At the East end of my street a mountain loomed. As a young child it seemed days away, in truth, it was only several hours walking. As I got older, it became clear to me that it was possible to spend half the day walking to the mountain, and half the day to get back home. It should probably be during the long daylight of summer in order to have a little rest and relaxation at the summit.
There was only four of the neighborhood kids that were old enough to be away from home for the time that we had calculated. Several of us had walked as far as the roller rink, and we assumed that the mountain was directly behind it. Add another hour and we should be there. The only problem was at the route to the roller rink veered to the right. We needed to find a more direct approach to save time.
At the peak of summer we headed out with packs of snacks, a compass, a signal mirror, a watch, binoculars, and several canteens of water. And rope, we had to have a nice long piece of rope. Probably the heaviest thing we carried.
The first ten blocks were direct, and perfectly East. The mountain was stlll visible and perhaps only a little closer. Every few blocks we checked the compass, the East was still the East. Finally, the neighborhood changed and the streets began slant off, leaving us with a choice. We could do our best to follow the streets, or we could drop down to the creek, which we knew led to the park where the roller rink was.
It never occurred to us that there would be two creeks so close together.
We took off our socks and waded through the ankle deep creek in our tennis shoes. The water seemed clear to us, although today I realize that it wasn’t so much spring fed, as runoff from lawn watering, and car washing. Every once in a awhile there were suds.
It was by far not a straight shot, creeks curve back and forth, following the contours of the land. Mostly the creek bed was flat like a path, at times there were “holes” that were quite deep. We found tires buried in the gravel, we found rusted shopping carts, mostly we stayed cool under the shade of overgrown banks. Trees and bushes shielded the sun, but they also kept us from easily leaving the creek bed.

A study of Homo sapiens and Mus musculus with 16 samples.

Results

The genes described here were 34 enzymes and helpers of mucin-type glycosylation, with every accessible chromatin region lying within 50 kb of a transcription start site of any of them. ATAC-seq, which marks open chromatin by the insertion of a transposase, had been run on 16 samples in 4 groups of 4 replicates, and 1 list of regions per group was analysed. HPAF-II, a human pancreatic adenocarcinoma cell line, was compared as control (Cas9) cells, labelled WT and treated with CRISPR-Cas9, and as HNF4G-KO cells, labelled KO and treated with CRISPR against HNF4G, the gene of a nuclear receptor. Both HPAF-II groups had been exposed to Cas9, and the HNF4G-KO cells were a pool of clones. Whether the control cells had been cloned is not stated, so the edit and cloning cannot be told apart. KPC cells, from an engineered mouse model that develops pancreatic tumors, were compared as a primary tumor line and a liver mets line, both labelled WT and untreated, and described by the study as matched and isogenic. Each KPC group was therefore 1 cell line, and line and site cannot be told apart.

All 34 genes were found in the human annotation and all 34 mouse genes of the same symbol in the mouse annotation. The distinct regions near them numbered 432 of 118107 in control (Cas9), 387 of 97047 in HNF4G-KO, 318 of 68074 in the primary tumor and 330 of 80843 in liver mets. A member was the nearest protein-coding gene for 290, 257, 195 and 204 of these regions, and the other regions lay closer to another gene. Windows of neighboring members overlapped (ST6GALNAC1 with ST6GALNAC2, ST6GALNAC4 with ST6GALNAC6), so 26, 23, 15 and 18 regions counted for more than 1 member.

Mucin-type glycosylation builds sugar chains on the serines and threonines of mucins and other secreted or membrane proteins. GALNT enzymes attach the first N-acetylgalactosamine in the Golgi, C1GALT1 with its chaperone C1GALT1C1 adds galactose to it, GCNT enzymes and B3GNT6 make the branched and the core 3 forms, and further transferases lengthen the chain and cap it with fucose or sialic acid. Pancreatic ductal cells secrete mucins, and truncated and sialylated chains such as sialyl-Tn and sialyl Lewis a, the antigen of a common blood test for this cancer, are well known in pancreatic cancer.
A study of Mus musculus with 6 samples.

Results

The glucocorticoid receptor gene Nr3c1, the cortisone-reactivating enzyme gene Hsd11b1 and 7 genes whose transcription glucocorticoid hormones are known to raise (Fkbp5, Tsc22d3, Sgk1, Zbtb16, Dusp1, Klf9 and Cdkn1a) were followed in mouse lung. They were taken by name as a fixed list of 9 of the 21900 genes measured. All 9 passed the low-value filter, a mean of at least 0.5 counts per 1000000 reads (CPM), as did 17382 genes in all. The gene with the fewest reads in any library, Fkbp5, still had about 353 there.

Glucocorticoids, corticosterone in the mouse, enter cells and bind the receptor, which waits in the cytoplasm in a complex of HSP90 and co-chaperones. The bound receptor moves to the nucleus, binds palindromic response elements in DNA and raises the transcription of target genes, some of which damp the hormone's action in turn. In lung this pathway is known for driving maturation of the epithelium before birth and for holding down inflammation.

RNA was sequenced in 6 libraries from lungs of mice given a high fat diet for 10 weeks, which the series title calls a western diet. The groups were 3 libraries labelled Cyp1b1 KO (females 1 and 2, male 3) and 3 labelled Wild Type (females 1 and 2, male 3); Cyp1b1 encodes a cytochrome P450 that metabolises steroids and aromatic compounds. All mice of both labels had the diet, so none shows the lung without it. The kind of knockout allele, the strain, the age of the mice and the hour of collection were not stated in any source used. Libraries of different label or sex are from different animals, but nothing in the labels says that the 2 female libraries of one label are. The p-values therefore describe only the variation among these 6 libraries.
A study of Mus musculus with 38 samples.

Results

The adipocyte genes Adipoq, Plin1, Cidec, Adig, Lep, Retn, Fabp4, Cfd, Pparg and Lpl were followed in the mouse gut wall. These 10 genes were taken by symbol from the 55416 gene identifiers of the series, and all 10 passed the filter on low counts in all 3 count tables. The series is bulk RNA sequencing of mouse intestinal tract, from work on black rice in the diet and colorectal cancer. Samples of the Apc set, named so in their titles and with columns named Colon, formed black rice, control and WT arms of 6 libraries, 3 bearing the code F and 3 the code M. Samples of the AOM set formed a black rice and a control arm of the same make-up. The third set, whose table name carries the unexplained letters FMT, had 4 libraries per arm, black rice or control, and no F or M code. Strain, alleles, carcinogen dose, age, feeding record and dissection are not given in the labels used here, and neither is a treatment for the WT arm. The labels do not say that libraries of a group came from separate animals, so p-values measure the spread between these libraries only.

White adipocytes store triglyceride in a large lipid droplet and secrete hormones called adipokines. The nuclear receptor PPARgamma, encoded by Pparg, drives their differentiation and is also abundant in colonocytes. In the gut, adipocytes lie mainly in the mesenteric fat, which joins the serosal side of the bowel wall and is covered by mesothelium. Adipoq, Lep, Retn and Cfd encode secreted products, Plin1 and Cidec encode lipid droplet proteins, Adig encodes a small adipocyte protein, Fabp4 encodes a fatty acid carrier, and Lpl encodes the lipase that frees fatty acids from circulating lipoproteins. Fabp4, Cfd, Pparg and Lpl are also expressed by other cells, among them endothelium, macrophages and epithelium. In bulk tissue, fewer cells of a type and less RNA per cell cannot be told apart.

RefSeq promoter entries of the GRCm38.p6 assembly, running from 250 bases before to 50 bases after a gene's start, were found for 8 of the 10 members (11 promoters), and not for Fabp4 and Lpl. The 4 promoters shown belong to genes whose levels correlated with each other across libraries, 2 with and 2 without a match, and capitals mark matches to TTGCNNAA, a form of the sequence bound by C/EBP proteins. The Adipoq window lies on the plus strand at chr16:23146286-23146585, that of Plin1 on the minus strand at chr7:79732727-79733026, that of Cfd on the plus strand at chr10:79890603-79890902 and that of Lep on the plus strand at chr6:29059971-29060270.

It was a little bit like the African Queen movie, slogging mile after mile, in wet clothes. It was a fine summer adventure. When we realized that the freeway was crossing over us we decided to climb out. We really didn’t need he rope, but heck, we brought it with us, so we tied it to a tree and up we went. When we got out to put on dry socks that went into wet shoes, we saw that we had swung at least a dozen blocks to the north. The concept of two creeks came alive.
Fortunately there was a street going straight south that would eventually cross the road leading to the roller rink. We were only two hours behind our timetable. Two hours exploring Wildcat Creek, the other creek.
It wasn’t long before we were behind the roller rink, trying to find an easy way up the hill. We were too close to recognize the mountain, all we knew was that the grass and dirt in front of us sloped upward. We marched on, sometimes going to our hands and knees. Looking back we began to see the city grid stretching below us. We were gaining altitude!
After at least an hour, we came upon a ridge that was well above the park. There was also the dead end of a road that dropped down the creek where we had been. We saw that we had taken an almost direct line, straight up to the ridge. We also realized that the actual top of the mountain was still an hour away, through a cow pasture, and barbed wire fences. We sat down on the ridge.
As the leader, I checked our time, and officially called the expedition to a conclusion. We had technically made it, we had gotten to the highest point that a car could drive. That was an accomplishment. We sat down and drank the rest of our water and finished that last of our snacks.
Looking out over the grid of our city we tried to find our street. It should look like a line pointed directly at us. We used the binoculars to try to narrow our choices but we weren’t sure. We could see the bridges and the Bay beyond, but we couldn’t see the cross streets that would have defined our block.
There was still a chance. A friend couldn’t come with us because of a sports commitment, but he promised that when he got back that he would try to help. For three or four minutes on the hour, every hour, he would stand in the street and flash a signal mirror at the mountain.
We had ten minutes to wait till the next flash. Maybe he forgot, maybe he was not home yet, maybe he went shopping, he got caught up in some Saturday afternoon movie. The hour had come and we saw nothing flashing from the grid below us.
Then there it was, as plain as day. Through the binoculars we even imagined we saw a speck in the street, holding the flash. We looked through our packs and found our mirror. For the next several minutes we pretended to know Morse Code, flashing back and forth from Ridge to Grid, from Grid to Ridge.
It was late afternoon when we headed back, no creek wading, just neighborhood street after neighborhood street. We were tired, but we had been somewhere, and we had done great things, and we even had used the rope that we brought. There was still 30 minutes to dinner time.